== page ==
Croesus had enjoyed the society of the Samian poets and sculptors. Gyges had shared his father’s preference for Greek art and artists. Darius, who had formerly studied astronomy in Babylon, was one evening observing the heavens, when, to his surprise, he was addressed by the aged Neithotep and invited to follow him on to the temple-roof. Darius, ever eager to acquire knowledge, did not wait to be asked twice, and was to be found there every night in earnest attention to the old priest’s lessons.
On one occasion Psamtik met him thus with his master, and asked the latter what could have induced him to initiate a Persian in the Egyptian mysteries.
“I am only teaching him,” answered the high-priest, “what is as well known to every learned Chaldee in Babylon as to ourselves, and am thereby gaining the friendship of a man, whose stars as far outshine those of Cambyses as the sun outshines the moon. This Darius, I tell thee, will be a mighty ruler. I have even seen the beams of his planet shining over Egypt. The truly wise man extends his gaze into the future, regards the objects lying on either side of his road, as well as the road itself. Thou canst not know in which of the many houses by which thou passest daily, a future benefactor may not have been reared for thee. Leave nought unnoticed that lies in thy path, but above all direct thy gaze upward to the stars. As the faithful dog lies in wait night after night for thieves, so have I watched these pilgrims of the heavens fifty years long—these foretellers of the fates of men, burning in ethereal space, and announcing, not only the return of summer and winter, but the arrival of good and bad fortune, honor and disgrace. These are the unerring guides, who have pointed out to me in Darius a plant, that will one day wax into a mighty tree.”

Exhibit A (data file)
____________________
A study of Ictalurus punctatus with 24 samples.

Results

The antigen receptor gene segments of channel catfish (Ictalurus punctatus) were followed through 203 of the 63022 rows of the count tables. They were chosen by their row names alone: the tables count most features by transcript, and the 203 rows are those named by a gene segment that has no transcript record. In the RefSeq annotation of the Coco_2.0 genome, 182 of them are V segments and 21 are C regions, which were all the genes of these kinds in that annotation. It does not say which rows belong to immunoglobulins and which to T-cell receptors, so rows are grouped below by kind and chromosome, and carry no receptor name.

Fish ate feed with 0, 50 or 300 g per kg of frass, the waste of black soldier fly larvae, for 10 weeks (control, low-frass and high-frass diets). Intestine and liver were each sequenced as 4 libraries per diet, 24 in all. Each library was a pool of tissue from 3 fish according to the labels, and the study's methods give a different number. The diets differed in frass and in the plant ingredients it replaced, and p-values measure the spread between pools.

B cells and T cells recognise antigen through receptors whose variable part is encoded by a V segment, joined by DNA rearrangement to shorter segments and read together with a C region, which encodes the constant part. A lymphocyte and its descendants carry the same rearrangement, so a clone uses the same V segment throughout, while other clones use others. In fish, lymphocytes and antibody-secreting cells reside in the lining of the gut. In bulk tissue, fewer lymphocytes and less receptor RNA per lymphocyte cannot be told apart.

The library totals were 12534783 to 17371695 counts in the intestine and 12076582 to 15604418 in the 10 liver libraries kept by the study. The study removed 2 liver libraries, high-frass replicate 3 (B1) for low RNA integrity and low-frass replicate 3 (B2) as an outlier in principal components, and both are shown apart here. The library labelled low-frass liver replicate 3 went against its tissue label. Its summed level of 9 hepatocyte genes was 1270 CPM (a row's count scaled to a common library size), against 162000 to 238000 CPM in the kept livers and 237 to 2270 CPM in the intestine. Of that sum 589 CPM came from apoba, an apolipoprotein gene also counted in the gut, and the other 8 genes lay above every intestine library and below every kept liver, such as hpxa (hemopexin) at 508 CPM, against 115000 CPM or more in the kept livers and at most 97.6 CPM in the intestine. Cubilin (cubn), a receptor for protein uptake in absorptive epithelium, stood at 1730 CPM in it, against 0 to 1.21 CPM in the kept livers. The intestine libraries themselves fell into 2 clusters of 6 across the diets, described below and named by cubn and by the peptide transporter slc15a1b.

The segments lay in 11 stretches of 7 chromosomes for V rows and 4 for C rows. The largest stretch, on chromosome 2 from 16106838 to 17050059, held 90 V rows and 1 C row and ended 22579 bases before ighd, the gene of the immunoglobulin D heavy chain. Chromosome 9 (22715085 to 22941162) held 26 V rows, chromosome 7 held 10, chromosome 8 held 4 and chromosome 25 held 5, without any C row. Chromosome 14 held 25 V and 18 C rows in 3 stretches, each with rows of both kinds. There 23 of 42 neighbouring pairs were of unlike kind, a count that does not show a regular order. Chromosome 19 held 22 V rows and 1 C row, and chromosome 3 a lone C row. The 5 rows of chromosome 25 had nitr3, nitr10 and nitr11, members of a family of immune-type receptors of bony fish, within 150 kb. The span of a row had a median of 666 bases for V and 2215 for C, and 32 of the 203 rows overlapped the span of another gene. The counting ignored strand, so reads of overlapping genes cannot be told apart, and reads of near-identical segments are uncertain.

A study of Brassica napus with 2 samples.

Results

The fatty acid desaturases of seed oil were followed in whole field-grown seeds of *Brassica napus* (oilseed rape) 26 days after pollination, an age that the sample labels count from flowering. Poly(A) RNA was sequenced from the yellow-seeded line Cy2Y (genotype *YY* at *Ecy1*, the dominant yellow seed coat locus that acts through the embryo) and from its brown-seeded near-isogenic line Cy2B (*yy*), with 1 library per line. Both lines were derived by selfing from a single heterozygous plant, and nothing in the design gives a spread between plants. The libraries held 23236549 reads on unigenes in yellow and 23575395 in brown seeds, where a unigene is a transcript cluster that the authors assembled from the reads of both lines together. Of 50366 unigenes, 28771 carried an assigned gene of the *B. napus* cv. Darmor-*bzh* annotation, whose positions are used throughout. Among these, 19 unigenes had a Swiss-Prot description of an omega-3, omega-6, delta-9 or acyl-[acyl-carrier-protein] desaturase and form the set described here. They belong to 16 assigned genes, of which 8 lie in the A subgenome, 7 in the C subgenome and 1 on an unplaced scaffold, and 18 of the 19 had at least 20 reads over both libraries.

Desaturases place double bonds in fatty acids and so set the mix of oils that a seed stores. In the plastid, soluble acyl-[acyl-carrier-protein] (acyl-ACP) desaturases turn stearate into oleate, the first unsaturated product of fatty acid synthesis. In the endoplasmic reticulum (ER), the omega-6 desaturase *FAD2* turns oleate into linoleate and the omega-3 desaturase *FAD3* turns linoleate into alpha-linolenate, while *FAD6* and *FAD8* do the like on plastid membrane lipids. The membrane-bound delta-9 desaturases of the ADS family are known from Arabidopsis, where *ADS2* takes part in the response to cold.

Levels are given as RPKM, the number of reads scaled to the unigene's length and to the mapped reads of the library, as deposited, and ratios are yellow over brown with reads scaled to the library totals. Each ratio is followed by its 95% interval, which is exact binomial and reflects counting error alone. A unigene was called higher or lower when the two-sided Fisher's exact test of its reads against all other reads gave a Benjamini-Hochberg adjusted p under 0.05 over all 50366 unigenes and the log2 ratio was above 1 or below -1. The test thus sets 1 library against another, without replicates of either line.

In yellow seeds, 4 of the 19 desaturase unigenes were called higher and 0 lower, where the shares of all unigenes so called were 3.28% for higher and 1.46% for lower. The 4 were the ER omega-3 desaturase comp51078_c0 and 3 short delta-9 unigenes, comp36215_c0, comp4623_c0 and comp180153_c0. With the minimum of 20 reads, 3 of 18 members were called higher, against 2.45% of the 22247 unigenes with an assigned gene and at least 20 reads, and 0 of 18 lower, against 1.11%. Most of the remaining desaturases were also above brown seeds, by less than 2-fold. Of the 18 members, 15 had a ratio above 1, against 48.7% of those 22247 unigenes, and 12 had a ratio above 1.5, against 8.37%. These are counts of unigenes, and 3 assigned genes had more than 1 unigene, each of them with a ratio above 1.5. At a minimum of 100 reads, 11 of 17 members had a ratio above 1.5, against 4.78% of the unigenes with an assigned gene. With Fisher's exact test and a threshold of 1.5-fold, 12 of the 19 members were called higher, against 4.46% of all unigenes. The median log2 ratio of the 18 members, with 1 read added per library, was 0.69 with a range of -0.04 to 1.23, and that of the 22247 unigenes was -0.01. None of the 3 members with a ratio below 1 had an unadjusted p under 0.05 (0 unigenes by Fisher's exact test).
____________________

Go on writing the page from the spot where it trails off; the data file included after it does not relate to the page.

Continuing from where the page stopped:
To Bartja, Darius’ nightly studies were especially welcome; they necessitated more sleep in the morning, and so rendered Bartja’s stolen early rides to Naukratis, (on which Zopyrus, to whom he had confided his secret, accompanied him), easier of accomplishment. During the interviews with Sappho, Zopyrus and the attendants used all their endeavors to kill a few snipes, jackals or jerboas. They could then, on their return, maintain to their Mentor Croesus, that they had been pursuing fieldsports, the favorite occupation of the Persian nobility.
The change which the power of a first love had wrought in the innermost character of Bartja, passed unnoticed by all but Tachot, the daughter of Amasis. From the first day on which they had spoken together she had loved him, and her quick feelings told her at once that something had happened to estrange him from herself. Formerly his behavior had been that of a brother, and he had sought her companionship; but now he carefully avoided every approach to intimacy, for he had guessed her secret and felt as if even a kind look would have been an offence against his loyalty to Sappho.